St. Thomas has proposed the construction of six tennis courts on the south campus at Mississippi River Boulevard and Goodrich Avenue, but some neighbors are worried about the potential loss of green space.
The university has planned to build new tennis courts since the old tennis courts were removed to make room for the south campus parking ramp, said Doug Hennes, vice president for university and government relations. But some St. Thomas neighbors have not reacted positively to the recent proposal, he added.
“It’s a sensitive and difficult issue,” Hennes said.
According to Hennes, a rumor circulating around the community is that St. Thomas isn’t allowed to build at the proposed site. Hennes denied that and said people were misinformed. St. Thomas and the community agreed about how far buildings could be from the road in 1995 when the retirement home for priests was built, Hennes said. He said some people were misled by this and believed that anything south of that area was off-limits to construction, which was not true.
Scott Banas, West Summit Neighborhood Advisory Committee co-chair, said neighbors are concerned about losing the open space.
“They enjoy and appreciate the green space in the area,” Banas said. “They certainly utilize that space in activities with their children. The space adds a spot of natural neighborhood, which is becoming more and more scarce because of the high commercialized and high traffic area on campus.”
“I think that the neighbors feel a sense of loss and worry about all the construction,” he said.
Banas believes the courts could be a positive addition if they will be available for neighborhood use. The university has proposed a tennis club could be held on the courts, and neighbors could join the club.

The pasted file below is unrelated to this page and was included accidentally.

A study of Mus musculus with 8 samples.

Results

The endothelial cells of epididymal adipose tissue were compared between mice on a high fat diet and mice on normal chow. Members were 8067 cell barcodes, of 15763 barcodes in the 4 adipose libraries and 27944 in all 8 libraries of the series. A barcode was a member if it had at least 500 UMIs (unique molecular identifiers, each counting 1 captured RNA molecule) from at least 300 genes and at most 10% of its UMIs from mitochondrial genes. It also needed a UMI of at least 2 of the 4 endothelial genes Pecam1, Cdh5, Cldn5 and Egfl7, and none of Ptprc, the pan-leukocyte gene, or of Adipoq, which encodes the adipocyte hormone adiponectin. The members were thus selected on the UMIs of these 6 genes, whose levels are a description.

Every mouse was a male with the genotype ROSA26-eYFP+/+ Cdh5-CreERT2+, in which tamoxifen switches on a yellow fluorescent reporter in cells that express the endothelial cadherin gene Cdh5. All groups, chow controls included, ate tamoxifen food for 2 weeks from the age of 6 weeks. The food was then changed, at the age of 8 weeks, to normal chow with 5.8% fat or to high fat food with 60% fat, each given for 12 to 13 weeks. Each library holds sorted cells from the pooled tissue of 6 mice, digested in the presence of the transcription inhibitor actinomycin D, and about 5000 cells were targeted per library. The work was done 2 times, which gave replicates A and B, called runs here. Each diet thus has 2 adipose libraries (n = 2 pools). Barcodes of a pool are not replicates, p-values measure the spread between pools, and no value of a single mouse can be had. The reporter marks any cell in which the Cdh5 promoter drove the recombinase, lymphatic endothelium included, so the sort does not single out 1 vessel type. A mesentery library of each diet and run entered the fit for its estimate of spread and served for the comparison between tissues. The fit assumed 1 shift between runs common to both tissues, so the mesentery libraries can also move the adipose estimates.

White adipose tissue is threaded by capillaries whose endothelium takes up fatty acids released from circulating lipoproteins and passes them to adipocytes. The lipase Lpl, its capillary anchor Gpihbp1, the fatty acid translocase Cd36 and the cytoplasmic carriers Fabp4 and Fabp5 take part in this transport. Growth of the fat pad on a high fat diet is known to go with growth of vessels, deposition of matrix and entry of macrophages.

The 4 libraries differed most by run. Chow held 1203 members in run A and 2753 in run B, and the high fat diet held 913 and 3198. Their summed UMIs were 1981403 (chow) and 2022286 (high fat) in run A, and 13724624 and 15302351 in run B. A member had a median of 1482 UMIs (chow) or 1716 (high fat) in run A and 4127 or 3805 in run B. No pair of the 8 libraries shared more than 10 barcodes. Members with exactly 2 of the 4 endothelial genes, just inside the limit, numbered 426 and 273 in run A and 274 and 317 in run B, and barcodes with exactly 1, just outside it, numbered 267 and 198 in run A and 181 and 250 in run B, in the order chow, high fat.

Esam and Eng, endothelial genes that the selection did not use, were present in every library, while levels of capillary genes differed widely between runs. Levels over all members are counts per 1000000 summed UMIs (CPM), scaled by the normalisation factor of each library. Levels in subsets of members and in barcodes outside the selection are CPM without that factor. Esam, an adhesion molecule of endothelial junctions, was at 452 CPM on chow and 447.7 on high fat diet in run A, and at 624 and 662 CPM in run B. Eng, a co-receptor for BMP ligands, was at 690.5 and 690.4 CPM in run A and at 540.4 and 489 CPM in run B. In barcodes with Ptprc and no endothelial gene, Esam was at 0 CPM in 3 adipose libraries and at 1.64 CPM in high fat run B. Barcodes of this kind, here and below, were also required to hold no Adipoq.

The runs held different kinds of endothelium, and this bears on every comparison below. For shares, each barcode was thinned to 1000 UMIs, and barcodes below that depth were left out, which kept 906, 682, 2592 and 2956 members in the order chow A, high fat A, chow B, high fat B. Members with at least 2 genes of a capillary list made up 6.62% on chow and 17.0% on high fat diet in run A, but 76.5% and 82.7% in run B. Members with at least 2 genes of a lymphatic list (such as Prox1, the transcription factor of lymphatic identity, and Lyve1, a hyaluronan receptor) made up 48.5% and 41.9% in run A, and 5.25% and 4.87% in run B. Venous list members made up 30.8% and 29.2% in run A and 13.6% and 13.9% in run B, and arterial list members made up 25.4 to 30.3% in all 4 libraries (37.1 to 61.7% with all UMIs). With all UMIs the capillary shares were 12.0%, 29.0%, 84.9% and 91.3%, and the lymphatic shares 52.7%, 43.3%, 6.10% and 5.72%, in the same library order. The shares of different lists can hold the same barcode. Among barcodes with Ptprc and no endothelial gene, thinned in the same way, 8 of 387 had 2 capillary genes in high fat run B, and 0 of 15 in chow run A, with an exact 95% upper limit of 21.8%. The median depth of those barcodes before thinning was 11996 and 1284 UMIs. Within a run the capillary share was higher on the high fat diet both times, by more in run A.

St. Thomas men’s and women’s tennis coach Terry Peck said he feels differently about the proposal.
“It’s very important for our tennis teams to have tennis courts,” Peck said. “As of now, we don’t have any home tennis matches.”
Peck also said that St. Thomas is the only school in the MIAC without outdoor tennis courts. Peck said the courts would benefit not only the tennis program, but the whole St. Thomas community.
Peck said the courts would also be a green use of the space behind the Brady Educational Center, similar to a bike trail. He said he does not understand the fuss that St. Thomas’ neighbors are making.
“I think opponents might be taking a very narrow view without looking at the big picture,” Peck said. “When we had tennis courts, they were used by the entire community.”
A final decision will not be made until spring on whether the courts will be constructed and when construction will start. The WSNAC Campus Development Subcommittee will review the proposal Tuesday, Nov. 2, in the BEC auditorium. Neighbors are invited to attend and give their input.
Ariel Kendall, Ashley Stewart, Nathan Spencer, Zach Pagano, and Ryan Shaver contributed to this article.
Gina Dolski can be reached at email@example.com.